Community Emergency Plans
Traditionally, parish/community plans have been the communities’ best way into resilience. Over many years, a good number of communities have taken the option to create one themselves. As time has moved forward, we have refined these plans and brought alongside other schemes and initiatives to complement them. Parish/community plans are essential in building community resilience and should fit around what works for you and your community, and not what someone else tells you, you must do.
Before we start please see the community plan mapping page to see what’s already in your area
Where to start?
Area you are going to Cover
This is completely up to you. Firstly, it is most important to decide what community you are writing the plan for, is it geographic (parish, town or smaller area) or is for a set group (perhaps religious or business). Often smaller villages and hamlets will have a plan encompassing the whole area, while towns might have an overreaching plan with annexes for smaller localities. Plans based on groups are not as well known but are equally as important as they often cover a known risk and can be more specific. To consider the different community types please see the communities page
The next milestone is identifying what risks you have in your area. This can be relatively easy if you regularly suffer from a specific risk such as flooding, but initially more difficult if you do not. Let’s consider some risks you might have:
- Flooding (river or surface water)
- Snow and Ice
- Power Cuts
- Water/Gas Outages
- Fire (possibly near a wildfire risk area such as heath or moorland)
- Loss of Building (community hall maybe)
There are many more risks which can be seen on the risk pages, but this is a good starter. One of the easiest ways of going about the next step is touring the local area with a map and drawing on it the locations that might experience these risks. One key point worth considering is to highlight where you might suffer from regular blocked gullies and drains that cause flooding. This will help the local Council identify problematic areas and rectify any issues before an incident occurs.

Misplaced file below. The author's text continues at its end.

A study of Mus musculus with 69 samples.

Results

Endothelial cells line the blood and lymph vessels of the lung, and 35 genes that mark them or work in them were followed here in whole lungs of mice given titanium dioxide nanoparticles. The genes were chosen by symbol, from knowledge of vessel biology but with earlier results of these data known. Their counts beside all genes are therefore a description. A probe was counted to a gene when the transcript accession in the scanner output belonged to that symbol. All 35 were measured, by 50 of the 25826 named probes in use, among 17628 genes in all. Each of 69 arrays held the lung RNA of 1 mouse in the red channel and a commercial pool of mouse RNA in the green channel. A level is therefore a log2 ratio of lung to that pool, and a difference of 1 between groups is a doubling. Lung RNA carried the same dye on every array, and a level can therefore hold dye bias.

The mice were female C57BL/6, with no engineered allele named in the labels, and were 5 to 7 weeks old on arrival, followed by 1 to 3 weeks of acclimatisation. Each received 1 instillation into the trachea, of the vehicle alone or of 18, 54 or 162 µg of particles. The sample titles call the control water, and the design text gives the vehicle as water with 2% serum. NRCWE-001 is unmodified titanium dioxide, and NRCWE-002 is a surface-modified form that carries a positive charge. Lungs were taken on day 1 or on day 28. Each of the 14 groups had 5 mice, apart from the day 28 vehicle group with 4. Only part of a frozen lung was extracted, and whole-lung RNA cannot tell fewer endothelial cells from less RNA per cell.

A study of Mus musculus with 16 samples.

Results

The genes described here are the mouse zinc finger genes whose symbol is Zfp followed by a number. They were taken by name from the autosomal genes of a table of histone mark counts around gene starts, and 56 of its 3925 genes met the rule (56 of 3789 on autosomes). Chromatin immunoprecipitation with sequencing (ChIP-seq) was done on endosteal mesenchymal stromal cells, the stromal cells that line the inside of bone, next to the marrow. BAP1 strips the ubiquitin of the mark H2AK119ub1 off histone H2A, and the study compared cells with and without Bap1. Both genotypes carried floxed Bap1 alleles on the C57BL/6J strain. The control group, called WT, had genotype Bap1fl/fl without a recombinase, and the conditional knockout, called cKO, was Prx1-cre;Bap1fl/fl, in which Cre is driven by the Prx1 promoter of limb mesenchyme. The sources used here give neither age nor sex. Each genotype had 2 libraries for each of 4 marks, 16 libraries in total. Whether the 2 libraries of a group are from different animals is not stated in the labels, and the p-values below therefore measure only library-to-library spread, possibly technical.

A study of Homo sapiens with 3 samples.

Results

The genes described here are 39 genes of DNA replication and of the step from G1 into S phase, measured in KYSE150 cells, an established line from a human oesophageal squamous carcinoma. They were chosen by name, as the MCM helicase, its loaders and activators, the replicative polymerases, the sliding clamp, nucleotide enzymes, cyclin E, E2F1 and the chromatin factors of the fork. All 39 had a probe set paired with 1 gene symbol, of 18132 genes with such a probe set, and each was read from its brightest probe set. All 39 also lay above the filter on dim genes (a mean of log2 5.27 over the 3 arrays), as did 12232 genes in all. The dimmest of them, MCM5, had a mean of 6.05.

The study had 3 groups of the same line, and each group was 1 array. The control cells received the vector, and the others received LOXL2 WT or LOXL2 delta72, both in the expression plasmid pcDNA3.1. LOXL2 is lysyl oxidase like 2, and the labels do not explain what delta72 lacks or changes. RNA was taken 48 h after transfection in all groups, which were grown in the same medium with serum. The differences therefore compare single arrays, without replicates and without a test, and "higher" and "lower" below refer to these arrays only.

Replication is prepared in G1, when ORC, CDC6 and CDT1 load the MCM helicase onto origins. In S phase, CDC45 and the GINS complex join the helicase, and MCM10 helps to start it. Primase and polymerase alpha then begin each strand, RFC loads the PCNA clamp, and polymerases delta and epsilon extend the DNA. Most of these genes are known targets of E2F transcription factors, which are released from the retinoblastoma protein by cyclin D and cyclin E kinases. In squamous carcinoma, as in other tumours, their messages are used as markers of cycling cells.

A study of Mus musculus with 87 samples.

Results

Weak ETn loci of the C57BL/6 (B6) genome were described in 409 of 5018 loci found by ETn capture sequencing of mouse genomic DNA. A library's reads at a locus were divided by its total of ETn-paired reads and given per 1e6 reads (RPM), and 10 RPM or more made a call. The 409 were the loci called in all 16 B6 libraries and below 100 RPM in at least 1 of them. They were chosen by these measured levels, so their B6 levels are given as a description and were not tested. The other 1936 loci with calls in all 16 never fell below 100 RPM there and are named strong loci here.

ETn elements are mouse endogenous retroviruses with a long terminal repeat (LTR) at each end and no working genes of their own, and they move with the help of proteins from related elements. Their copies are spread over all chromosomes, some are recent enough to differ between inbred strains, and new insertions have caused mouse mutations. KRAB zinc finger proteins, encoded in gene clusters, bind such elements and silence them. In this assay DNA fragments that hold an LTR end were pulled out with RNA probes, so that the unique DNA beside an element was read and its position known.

As you move forward, the next logical step is to identify a willing team to work with you. Everyone will have an interest or skill that they can bring to the table. Some roles that may be helpful are suggested below and you can double these jobs up and have as many people doing one job as you like:
- Plan Writer (collate all the information together)
- Flood Warden
- Snow Warden – we will be posting more information on this soon
- Community Contact (who can we contact in an emergency)
The above might seem quite lengthy, but as suggested, you can double up on jobs if you are a smaller area.
Writing your Plan
Next is the exciting part! Firstly, there are two templates at the bottom of the page to help. You do not need to write a 40-page document you just need to do what is best for you and your local community. In addition to the two generic plans, you may also choose to use the annexes specifically for snow and flooding.
Without going into too much detail some of the things you can include in the plan are:
- Emergency contacts and your team
- Risks and risk map
- Locations of places of safety (like an evacuation centre, this can be a village hall, pub, school etc) (see more information on this here link)
- Areas of vulnerability (perhaps an area of older population/care home)
These plans can contain as much detail as you like, it is your plan and we’d like you to write what works for your community.
Training and Testing the Plan
Something we would like to move away from is plans being written and then sitting on a shelf for a number of years gathering dust. Therefore, we are proactively moving towards a training and testing approach. We will be running training at least once a year (which we will email to all contacts, and be posted on this website) and will be encouraging exercises. Exercises will be offered either via a face-to-face tabletop, through online templates or via in-person live exercises. The choice is a local decision, based on what works for you but has to be balanced against our capacity to deliver. One option, is to run a large scale generic exercise inviting a number of communities to attend.
We encourage you as a community to design a plan that works for you, however we have some suggested templates below.